Nonprofit helps reunite homeless with family, friends through digital detective work
The path out of homelessness could begin with a single phone call to the right person.
Finding that person’s number, however, can be a challenge for someone on the street or in a shelter with few resources, little time for research and possible personal issues.
That’s where the San Francisco-based nonprofit Miracle Messages comes in.
“There’s a mix of digital illiteracy and a lack of access to technology, along with these emotional barriers like the shame of being homeless, that leads to this perfect storm that can keep people on the street,” said Kevin Adler, founder and CEO of Miracle Messages.
The small nonprofit has a team of volunteers that includes retired private investigators who know how to find people, often through internet searches that can be as simple as doing searches on Whitepages Premium or Facebook.
Their work has led to about 200 reunions in the last four years, according to the group’s website. People write text messages or record short videos directed at whomever they are seeking, and Miracle Messages team members try to track that person down to pass along the greetings.
Adler and a few others from Miracle Messages were in San Diego in late February to attend the National Alliance to End Homeless conference. While in town, he, a videographer and his friend Tim Schwartz went to a neighborhood known to have a large homeless population.
Arriving on the corner of 17th Street and Imperial Avenue on a cold and damp morning Feb. 21, Schwartz immediately turned heads with his suit, a loud black outfit covered in graphics from a Pac-Man game. He celebrates friends’ birthdays by giving hugs to strangers in public, and Adler was turning 34 this day.
He caught the attention of Rita Chambers, 56, as she walked past pushing a shopping cart filled with her belongings and dog, Eddie. After hearing of Miracle Messages’ mission, she began to tear up and told Adler she had not seen her three children in years, including a son who had been adopted as an infant.
“Can you help me find him?” she pleaded.
Later that morning, they met another homeless person who said he was looking for his birth parents. Adler said they are still working on his and Chambers’ cases, but dealing with adoption agencies can be especially challenging.
They had better luck with Jessica Montiero, who said she had not seen her sister, Sonja, in four years.
“This one was pretty easy,” Adler said. “A couple of things were in place. It’s an easy name to look up because it’s not that common. We had a sense that there was no bad blood between them, just someone moving away.”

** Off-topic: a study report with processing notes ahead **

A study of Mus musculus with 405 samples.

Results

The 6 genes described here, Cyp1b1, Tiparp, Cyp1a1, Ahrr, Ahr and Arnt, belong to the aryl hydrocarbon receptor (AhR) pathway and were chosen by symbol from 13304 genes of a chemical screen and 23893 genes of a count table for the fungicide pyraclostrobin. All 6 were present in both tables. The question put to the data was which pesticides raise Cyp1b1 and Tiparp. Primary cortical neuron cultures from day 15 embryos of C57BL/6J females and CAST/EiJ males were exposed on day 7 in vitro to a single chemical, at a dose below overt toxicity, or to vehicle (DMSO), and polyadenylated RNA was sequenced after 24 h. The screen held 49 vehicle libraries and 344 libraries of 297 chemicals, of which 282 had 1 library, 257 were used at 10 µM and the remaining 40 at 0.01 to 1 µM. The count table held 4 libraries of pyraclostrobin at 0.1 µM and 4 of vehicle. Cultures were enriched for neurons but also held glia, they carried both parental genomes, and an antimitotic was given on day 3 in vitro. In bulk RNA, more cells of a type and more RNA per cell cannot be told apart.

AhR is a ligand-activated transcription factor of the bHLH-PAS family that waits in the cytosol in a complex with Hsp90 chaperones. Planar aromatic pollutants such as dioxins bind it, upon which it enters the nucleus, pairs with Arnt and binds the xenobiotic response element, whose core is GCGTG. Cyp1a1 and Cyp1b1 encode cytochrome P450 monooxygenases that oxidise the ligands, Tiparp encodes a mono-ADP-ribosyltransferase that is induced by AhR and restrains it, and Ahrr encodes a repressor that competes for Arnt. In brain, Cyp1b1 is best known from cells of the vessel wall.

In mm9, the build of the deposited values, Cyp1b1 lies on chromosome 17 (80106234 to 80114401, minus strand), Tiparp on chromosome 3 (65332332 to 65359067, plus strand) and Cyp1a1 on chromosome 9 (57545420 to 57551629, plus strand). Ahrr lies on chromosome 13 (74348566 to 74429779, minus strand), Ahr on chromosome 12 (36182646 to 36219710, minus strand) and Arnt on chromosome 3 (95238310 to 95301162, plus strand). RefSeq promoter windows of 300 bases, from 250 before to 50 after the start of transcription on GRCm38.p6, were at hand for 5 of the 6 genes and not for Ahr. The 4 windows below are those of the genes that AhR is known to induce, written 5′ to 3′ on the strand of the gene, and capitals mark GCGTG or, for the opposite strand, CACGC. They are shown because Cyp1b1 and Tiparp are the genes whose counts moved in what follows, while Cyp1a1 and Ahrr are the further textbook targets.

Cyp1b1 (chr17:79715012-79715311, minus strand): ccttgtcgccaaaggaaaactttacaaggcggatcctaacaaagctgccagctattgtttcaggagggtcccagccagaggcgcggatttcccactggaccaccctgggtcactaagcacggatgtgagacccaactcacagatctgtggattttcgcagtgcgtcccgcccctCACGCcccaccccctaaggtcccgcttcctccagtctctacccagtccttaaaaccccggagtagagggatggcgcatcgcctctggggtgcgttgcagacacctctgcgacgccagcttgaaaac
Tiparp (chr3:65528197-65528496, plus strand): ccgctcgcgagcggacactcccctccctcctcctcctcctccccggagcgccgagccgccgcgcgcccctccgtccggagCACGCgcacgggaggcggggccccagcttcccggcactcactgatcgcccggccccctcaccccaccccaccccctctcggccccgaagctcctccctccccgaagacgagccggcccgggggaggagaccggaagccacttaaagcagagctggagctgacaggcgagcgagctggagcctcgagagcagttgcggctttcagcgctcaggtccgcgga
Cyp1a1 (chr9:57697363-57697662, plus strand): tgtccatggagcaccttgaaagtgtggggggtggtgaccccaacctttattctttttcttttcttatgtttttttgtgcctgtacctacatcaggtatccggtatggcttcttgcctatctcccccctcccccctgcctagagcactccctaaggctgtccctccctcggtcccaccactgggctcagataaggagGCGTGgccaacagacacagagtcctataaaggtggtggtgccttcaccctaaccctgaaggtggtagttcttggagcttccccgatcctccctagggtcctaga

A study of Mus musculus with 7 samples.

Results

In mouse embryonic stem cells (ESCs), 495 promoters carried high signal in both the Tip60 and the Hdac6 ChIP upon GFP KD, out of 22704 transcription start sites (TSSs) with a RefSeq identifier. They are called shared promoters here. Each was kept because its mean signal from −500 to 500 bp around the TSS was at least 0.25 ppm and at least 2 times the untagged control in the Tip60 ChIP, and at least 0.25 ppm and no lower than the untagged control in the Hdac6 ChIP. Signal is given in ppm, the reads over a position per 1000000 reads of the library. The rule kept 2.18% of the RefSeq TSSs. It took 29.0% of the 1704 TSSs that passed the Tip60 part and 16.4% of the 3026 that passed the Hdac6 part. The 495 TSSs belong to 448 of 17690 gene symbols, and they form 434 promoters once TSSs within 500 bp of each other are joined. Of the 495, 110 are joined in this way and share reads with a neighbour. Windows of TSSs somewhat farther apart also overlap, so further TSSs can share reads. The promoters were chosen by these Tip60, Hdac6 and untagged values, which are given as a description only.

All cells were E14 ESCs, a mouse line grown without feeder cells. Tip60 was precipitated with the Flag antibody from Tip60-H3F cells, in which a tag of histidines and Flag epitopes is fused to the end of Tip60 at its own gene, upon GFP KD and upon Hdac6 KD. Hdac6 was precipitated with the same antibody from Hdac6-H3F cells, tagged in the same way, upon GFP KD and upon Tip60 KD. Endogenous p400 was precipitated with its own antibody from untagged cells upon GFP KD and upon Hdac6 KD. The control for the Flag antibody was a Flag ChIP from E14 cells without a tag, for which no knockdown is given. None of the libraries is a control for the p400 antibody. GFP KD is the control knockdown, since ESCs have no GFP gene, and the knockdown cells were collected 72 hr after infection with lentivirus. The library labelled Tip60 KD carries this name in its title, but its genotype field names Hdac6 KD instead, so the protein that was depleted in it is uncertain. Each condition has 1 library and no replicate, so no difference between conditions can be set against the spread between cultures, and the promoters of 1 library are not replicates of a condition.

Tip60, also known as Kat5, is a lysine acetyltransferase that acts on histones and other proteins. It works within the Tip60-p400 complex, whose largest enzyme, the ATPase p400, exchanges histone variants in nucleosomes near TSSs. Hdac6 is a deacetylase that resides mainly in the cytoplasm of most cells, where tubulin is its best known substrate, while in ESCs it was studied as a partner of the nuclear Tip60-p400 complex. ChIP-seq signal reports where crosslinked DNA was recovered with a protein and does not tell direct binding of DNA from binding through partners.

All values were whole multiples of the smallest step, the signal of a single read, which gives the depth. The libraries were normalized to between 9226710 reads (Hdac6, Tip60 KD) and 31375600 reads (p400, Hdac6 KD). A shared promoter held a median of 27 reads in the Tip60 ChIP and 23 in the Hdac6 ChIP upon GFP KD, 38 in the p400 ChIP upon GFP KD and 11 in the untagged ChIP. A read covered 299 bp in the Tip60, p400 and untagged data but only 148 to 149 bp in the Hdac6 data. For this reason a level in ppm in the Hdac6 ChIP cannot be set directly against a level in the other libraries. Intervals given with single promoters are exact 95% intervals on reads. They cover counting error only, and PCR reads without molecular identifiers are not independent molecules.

A few days later, a Facebook search found Sonja in Phoenix. She replied that she would love to see her sister again.
While a Facebook search doesn’t seem like the most elaborate detective work, Adler said that sometimes the hectic life of homelessness can be an obstacle to doing what other people may see as simple tasks.
“You don’t know where you’re going to go to the bathroom; you don’t know where you’re going to sleep,” he said. “Imagine your house gets flooded or there was an earthquake, and that’s every single night. You wouldn’t have the wherewithal to go to the library and do detective work.”
Adler said he was inspired to create Miracle Messages because of his late Uncle Mark, who had mental health problems and was homeless on and off for 30 years.
After talking with homeless people in San Francisco, Adler realized many experience what he calls relational poverty, meaning they lack a social support network of family and friends.
He began asking homeless people if they had a family member or friend they’d like to reconnect with, and he met a man named Jeffrey who said he hadn’t seen his family in 20 years.
“He recorded a message, and I got home that night and found a Facebook group connected to his hometown in Pennsylvania,” Adler said. He posted the video.
“Within an hour, it was shared hundreds of times and made the local news that night,” he said. “Comments started coming in. ‘Hey, I went to high school with Jeffrey. I’m in construction. Does he need a job?’ ”
Adler quit his job and focused on creating Miracle Messages.
The nonprofit has partnered with Union Square Business Improvement District in San Francisco and recently began working with the city of Riverside. Adler said the nonprofit is working on a mobile app to create messages that will be uploaded to a database.
Homeless people who are searching for someone are asked to call (800) MISS-YOU. Friends and family members who are looking for someone they believe is homeless can fill out an online form at miraclemessages.org/findthem. About 700 people and 150 families are in the database.
The organization also offers free online classes twice a week for people to learn to do digital detective work and homeless outreach. Adler said there are volunteers across the country trying to create reunions through Miracle Messages.
“Our mantra is ‘Everyone is someone’s somebody,’ ” he said.
Gary Warth writes for the San Diego Union-Tribune.
Warth writes for the San Diego Union-Tribune.
The stories shaping California
Get up to speed with our Essential California newsletter, sent six days a week.
You may occasionally receive promotional content from the Los Angeles Times.